Very recently I asked some people whom I respect whether I should rate the sessions at which I was a speaker for a conference. To be sure, I felt that I’d done a bang-up job and that the audience had been engaged both times. In fact, I came out of these sessions with a sense of professional confidence greater than I had going into them.
And then the attendee survey came. With it, the opportunity to “rate” both my own sessions and my role as the speaker.
Of course, I was also an attendee at this conference. I went to sessions while there and learned from them. I was fortunate in that they were very good sessions and I walked away with something from each. It doesn’t always break that way, and sometimes I’ll even walk out of a session – heck, we all have. It’s not even anything against the speaker, sometimes it’s just that the topic isn’t quite what we thought it would be.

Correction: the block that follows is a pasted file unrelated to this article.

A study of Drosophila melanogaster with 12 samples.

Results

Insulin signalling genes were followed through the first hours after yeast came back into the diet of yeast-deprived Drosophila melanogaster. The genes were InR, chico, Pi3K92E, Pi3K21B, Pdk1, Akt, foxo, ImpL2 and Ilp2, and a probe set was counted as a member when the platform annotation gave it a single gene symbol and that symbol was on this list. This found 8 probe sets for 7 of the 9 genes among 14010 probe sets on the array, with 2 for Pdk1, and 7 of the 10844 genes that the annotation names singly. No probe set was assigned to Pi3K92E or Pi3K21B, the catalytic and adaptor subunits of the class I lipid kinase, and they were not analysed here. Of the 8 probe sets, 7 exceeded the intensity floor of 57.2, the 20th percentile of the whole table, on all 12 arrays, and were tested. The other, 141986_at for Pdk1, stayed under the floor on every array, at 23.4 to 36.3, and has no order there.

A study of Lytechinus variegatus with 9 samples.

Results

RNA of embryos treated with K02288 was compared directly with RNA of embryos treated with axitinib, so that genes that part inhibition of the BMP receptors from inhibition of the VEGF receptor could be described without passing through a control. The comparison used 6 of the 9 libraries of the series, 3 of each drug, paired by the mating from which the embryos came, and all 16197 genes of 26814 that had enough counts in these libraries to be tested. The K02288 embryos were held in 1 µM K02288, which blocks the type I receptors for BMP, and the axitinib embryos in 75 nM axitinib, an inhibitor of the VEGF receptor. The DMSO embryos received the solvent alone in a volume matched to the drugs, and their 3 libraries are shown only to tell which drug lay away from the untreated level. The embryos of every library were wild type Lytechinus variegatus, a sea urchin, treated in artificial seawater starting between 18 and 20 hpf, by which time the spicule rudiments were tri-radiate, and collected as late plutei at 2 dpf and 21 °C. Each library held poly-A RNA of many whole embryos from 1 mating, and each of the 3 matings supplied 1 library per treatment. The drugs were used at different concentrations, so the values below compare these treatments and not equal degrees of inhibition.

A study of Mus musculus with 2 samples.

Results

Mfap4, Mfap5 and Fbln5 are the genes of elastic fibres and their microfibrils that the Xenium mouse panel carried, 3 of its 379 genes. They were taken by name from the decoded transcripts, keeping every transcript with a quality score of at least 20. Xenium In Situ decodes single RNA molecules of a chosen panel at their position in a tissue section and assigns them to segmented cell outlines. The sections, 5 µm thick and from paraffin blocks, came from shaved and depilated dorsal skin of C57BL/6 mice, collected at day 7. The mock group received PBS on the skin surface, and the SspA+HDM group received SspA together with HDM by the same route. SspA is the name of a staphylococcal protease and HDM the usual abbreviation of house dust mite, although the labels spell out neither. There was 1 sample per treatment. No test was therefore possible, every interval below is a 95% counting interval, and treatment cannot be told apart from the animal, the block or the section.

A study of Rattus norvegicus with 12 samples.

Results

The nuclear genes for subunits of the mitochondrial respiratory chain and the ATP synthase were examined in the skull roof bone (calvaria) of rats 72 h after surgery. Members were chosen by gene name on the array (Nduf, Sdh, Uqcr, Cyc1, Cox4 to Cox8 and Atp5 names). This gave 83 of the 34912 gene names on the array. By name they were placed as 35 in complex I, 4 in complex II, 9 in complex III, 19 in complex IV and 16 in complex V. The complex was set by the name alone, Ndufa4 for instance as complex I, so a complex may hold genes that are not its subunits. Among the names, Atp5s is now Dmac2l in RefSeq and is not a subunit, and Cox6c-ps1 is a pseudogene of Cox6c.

But then I’m also given the option to rate my own session.
I’m not going to divulge how I decided. The point of this blog is to ask simply, “Is it ethical to rate your own speaking sessions?”
The reason I was given pause is that:
- It will skew the data. I will potentially lose some of the “honesty” of the feedback.
- Pursuant to Point 1, would I ever give myself less than a 5 (historical footnote, I’ve done this in the past because I felt I didn’t live up to my own expectations)
- How will I learn to be better if I weight the results?
- Isn’t it in some way dishonest to the event organizer?
- …but shouldn’t the event organizer send out separate evaluations to registered speakers to prevent this from happening?
- I’m possibly overthinking this
I know that I put more thought into my decision than is typical. That’s kind of what I do. But I’m legitimately curious as to where people fall on the issue and why.
Share your thoughts with me, and gain strength from the sharing.